RTÉ faces drop in revenue of 25-35% amid Covid-19

Abbey Theatre warns of ‘full-blown crisis’ facing Irish theatre sector

RTE director general Dee Forbes said income from licence fees had sharply declined, and funding from commercial sources had also been hit. Photograph: Niall Carson/PA Wire

RTE director general Dee Forbes said income from licence fees had sharply declined, and funding from commercial sources had also been hit. Photograph: Niall Carson/PA Wire

Your Web Browser may be out of date. If you are using Internet Explorer 9, 10 or 11 our Audio player will not work properly.
For a better experience use Google Chrome, Firefox or Microsoft Edge.

 

RTÉ is facing a drop in revenue of 25-35 per cent this year, according to a submission to the Oireachtas committee on Covid-19.

The submission was one of a number to be considered by the committee on Tuesday, in which a range of sectors urge the Government to provide continuing or increased financial support.

RTÉ director general Dee Forbes said income from licence fees had sharply declined, and funding from commercial sources had also been hit.

“Since the crisis began there has been a sharp reduction in advertising spend, particularly on television, and the outlook for the remainder of the year is very unclear.”

Licence fee sales have also fallen sharply. “Given that national evasion levels were already at almost 13 per cent, prior to the Covid emergency, this current situation has intensified an existing problem.”

Last November, before the Covid-19 pandemic, RTÉ said it was seeking to reduce its workforce by 200, and reduce projected costs by €60 million over three years.

Tony Hanway, chief executive of Virgin Media Ireland, said in a submission that in recent months government departments had “directly funded content production which has supported RTÉ without any open market competition taking place or any consultation with Virgin Media Television”.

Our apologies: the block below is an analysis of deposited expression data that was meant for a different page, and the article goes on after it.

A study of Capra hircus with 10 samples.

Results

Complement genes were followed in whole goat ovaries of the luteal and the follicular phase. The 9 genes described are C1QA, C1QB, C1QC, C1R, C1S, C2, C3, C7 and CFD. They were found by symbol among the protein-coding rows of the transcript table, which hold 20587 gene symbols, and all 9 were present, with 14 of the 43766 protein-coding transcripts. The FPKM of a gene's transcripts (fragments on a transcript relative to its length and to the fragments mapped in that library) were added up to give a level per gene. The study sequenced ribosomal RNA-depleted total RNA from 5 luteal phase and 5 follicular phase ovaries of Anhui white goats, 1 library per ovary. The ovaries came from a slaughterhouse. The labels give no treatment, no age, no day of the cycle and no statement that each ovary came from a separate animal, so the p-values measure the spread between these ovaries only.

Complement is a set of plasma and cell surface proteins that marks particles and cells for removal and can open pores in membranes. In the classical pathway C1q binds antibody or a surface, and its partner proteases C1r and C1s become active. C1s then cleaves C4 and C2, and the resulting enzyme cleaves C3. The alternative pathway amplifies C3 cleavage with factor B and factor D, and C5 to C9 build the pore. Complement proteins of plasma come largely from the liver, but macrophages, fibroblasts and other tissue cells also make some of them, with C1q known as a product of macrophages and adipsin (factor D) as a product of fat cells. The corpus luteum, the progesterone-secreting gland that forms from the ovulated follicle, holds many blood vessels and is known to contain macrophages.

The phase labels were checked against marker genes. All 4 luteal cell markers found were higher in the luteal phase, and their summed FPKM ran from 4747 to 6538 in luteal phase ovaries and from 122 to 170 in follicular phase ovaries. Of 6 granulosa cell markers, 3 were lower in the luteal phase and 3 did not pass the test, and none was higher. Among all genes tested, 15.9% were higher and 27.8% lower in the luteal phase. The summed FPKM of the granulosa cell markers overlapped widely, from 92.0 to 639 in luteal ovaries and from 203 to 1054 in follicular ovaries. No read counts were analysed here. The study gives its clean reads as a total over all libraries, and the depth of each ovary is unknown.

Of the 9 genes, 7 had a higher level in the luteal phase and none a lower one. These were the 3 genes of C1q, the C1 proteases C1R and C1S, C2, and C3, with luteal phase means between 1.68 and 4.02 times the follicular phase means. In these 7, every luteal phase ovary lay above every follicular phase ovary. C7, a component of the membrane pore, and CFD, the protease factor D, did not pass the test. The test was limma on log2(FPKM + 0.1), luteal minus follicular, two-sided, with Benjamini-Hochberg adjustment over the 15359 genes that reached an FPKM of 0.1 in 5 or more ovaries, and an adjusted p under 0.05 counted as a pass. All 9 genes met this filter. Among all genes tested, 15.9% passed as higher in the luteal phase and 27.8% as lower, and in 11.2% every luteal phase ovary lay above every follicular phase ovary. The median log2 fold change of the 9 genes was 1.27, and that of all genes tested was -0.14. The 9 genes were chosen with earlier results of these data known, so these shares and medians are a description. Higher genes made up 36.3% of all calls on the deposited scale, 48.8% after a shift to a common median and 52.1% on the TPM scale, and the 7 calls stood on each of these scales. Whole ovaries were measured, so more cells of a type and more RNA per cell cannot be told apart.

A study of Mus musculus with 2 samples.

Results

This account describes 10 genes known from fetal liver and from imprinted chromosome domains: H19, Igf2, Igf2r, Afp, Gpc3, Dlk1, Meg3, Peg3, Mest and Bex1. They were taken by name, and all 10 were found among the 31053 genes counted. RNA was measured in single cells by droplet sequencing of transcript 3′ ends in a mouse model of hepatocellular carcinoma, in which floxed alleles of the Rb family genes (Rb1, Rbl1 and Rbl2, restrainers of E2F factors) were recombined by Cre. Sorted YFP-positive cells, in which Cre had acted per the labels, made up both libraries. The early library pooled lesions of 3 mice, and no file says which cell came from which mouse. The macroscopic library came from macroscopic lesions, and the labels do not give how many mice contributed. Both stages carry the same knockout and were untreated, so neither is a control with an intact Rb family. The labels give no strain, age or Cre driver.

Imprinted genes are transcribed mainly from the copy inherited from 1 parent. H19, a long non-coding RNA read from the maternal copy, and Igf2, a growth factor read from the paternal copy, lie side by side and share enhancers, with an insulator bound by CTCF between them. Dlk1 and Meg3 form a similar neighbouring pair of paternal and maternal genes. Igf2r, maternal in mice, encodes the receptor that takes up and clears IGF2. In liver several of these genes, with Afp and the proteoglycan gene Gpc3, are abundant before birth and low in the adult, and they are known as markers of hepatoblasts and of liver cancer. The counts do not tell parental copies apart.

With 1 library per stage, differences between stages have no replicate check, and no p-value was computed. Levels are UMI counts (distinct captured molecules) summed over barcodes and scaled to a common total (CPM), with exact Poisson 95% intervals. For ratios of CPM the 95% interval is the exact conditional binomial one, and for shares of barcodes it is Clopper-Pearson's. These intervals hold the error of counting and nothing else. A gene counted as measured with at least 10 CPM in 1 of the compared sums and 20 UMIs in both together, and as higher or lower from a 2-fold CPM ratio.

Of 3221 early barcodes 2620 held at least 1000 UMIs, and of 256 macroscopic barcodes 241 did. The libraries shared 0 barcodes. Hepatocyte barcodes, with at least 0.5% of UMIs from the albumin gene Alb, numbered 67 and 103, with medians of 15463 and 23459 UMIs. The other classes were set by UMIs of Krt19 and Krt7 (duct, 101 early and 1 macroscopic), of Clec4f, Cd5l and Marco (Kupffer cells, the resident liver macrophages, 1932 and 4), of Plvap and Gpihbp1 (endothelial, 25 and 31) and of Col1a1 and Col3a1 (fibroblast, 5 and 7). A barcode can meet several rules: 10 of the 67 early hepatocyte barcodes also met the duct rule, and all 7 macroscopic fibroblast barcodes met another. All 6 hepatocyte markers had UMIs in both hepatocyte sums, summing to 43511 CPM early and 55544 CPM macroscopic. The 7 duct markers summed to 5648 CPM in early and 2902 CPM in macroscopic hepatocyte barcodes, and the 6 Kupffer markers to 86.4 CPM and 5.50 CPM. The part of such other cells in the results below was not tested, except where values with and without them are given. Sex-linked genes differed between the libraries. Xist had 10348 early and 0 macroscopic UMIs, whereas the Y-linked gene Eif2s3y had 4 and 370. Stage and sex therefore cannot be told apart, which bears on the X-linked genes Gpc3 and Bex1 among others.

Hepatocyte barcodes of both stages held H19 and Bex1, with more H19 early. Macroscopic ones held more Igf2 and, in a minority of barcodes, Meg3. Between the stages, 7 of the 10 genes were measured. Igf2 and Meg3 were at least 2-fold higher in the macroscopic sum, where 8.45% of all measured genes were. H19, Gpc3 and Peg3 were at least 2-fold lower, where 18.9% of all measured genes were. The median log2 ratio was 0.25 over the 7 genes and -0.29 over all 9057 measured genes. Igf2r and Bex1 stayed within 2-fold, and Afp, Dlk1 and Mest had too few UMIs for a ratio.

The Abbey Theatre told the committee that Covid-19 had “unleashed a full-blown crisis and the Irish theatre sector is desperately struggling in the midst of this”.

Have you been to a hairdresser, restaurant, crèche, museum? Tell us about it

“We now forecast a 30 per cent reduction in our total income for 2020 and while Government income is maintained, our earned income will fall by 67 per cent.”

‘On its knees’

A group representing the live entertainment sector said that as a result of Covid 19, it was now “on its knees”.

The Irish Event Industry said the current situation was “absolutely devastating” and the sector was facing “a prolonged hibernation period”.

The National Campaign for the Arts called for the Pandemic Unemployment Payment for freelance artists and arts workers be extended until arts and cultural events resume to normal levels.

Aoife, an organisation that represents not-for-profit organisers of festivals and other events, said up to 35 per cent may never resume because of the Covid-19 crisis.

Unless measures such as the Covid and wage support schemes are maintained until the sector is back on its feet, there will, by next year, be “no performers, musicians, artistes, theatre companies, sound crews, production companies”, and supplier companies around to support larger events.

A submission on behalf of the small and medium-sized business sector said SMEs were “dying” and need a bailout of €15 billion.

The submission was made by John Moran, the former secretary general of the Department of Finance who is now chairman of SME Recovery Ireland.

“We cannot wait and hang around. Perfection is the enemy of survival. Firms are dying already,” he said.

The Irish Hotels’ Federation said 180,000 of the jobs supported by the sector were at risk and called on the Government to continue the wage subsidy scheme and extend it to seasonal employees.

The Vintners’ Federation of Ireland said the pub sector needed Government support.

It proposed that the Government’s wage subsidy scheme remain in place until the social distancing restrictions are lifted and the scheme be amended to cover seasonal workers who were not on the books in February.

The Restaurants Association of Ireland said that failing to adequately support the sector would result in greater costs to the economy. If 100,000 workers were to remain unemployed for a year, it would cost the exchequer €2 billion in social protection payments alone.